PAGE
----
The European Union is changing. The U.K.'s historic decision to leave the bloc, the growing anti-EU sentiment in some countries, and, more recently, the election of President Emmanuel Macron in France are molding the EU.

According to political analysts, the path forward is further European integration, but don't expect sudden changes, even though France has just elected a pro-European leader.

"I think further integration is inevitable, especially if member states want to make the euro zone sustainable in the long term. However, I don't expect any 'big bang' institutional changes," Antonio Barroso, managing director at Teneo Intelligence, told CNBC via email.

Historically, we have seen that European leaders are quite averse to making changes to European treaties on a regular basis. But they could take intermediate steps in the meantime.

Daniel Gros, director of the European think tank Center for European Policy Studies, also said that "it is very realistic to expect further integration. But change will take time. Nothing much will change immediately."

In the near term, German and Italy – two key European countries – will be concerned with national elections and France will want to reform its economy first. As a result, we are unlikely to see European leaders approving deep changes to the existing framework.

French President Emmanuel Macron (L) is greeted by German Chancellor Angela Merkel (R) prior to talks at the Chancellery in Berlin on May 15, 2017.
John Macdougall | AFP | Getty Images
French President Emmanuel Macron (L) is greeted by German Chancellor Angela Merkel (R) prior to talks at the Chancellery in Berlin on May 15, 2017.

"Macron has said that he needs to reform France first, before he can discuss deep euro area reforms with Germany," Gros from CEPS recalled. "He is not asking for German taxpayers' money nor Eurobonds. So the most likely compromise will be resources for more investment."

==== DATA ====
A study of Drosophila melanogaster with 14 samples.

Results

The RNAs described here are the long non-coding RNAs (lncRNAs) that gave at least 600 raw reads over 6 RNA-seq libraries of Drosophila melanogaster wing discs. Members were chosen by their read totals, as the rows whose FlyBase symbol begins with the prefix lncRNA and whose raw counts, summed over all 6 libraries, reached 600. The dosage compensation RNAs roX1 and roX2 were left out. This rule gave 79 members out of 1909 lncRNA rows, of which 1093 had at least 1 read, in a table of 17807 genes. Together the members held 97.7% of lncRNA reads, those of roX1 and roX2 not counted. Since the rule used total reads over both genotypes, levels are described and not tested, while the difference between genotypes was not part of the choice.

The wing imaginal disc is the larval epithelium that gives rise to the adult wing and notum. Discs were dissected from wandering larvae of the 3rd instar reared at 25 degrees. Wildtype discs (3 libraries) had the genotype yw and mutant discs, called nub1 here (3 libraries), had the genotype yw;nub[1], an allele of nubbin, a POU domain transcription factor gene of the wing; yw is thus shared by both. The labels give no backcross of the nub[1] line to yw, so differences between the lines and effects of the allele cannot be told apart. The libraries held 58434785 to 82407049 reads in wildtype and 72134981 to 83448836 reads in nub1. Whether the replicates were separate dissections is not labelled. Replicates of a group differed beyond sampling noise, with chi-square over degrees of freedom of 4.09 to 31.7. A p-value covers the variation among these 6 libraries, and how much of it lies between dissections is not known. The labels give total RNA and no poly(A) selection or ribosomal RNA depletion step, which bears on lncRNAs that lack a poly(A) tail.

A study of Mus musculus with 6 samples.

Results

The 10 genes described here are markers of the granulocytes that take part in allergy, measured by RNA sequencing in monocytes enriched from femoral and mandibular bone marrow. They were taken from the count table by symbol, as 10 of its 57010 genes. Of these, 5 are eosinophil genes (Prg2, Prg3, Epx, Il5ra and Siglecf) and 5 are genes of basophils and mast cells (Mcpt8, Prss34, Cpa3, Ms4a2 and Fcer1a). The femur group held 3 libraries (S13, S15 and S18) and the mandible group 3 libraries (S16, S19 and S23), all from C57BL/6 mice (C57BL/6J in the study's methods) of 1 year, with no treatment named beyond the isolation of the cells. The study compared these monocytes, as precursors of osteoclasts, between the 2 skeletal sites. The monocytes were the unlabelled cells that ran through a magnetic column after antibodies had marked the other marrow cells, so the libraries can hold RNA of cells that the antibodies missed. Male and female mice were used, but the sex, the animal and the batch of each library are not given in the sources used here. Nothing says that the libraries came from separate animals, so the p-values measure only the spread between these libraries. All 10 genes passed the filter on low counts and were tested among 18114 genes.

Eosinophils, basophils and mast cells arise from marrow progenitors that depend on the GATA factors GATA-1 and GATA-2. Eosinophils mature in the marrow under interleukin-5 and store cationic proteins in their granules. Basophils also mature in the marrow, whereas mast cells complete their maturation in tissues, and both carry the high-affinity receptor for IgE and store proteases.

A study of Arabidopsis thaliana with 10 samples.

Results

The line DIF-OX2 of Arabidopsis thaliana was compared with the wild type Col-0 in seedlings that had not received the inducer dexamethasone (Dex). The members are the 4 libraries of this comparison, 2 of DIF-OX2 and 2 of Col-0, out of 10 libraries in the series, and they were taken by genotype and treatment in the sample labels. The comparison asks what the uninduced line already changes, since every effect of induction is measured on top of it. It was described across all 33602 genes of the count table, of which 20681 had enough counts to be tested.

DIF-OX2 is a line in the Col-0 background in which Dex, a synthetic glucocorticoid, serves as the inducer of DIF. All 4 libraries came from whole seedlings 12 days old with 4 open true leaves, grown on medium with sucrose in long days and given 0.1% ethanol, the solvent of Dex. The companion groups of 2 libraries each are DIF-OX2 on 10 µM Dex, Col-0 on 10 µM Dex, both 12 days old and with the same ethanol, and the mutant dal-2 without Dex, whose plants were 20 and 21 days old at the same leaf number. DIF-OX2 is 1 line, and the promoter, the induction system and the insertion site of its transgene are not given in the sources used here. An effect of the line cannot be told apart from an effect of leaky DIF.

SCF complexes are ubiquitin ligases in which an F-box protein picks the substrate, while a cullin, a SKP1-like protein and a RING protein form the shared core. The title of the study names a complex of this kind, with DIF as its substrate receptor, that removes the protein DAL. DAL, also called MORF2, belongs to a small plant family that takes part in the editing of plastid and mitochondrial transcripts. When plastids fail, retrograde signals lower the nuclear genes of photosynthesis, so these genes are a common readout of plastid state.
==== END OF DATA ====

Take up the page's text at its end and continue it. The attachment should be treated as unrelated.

In June 2015, the European Commission published the so-called Five Presidents Report in which European Commission President Jean-Claude Juncker, along with European Council President Donald Tusk, Eurogroup President Jeroen Dijsselbloem, former European Parliament President Martin Schulz and European Central Bank President Mario Draghi outlined their ideas for how to further integrate the euro area. They admitted the possibility of a debt mutualization instrument – Eurobonds, and the creation of a euro zone finance minister.

"I predict that we might have at some point somebody called initially finance minister, but with few powers over and above those of the (European) Commission today," Gros said. The executive body oversees countries' economic performances and has the ability to fine them if they do not comply with certain rules, though such power has never been used.

"I think that a euro zone finance minister, some reshuffling of European funds to get closer to a euro zone unemployment insurance and further policy harmonization are the most feasible next steps," Carsten Brzeski, chief economist at ING, told CNBC via email.

"The real huge steps towards financial burden sharing, tax harmonization and loss of national sovereignty are still highly unlikely to happen, even though they should," he added.

The European Union has begun discussing what path to take now that the U.K. is preparing to leave the Union. The European Commission has put five options on the table but it is too soon to see which one the 27 will opt for.

No matter the path that will be chosen, France's new president will be a crucial figure.

"If Macron gets France going, we will have fewer tensions in the euro zone and the need for more federalist structures will actually diminish," Gros from CEPS said.

However, Brzeski from ING noted that Germany has emphasized that France needs to reform its economy before any big changes happen at the European level.

"This French reform effort will be highly needed to convince the German public that topics like Eurobonds, a euro zone finance minister or simply the loss of national sovereignty, can be stomached," Brzeski said.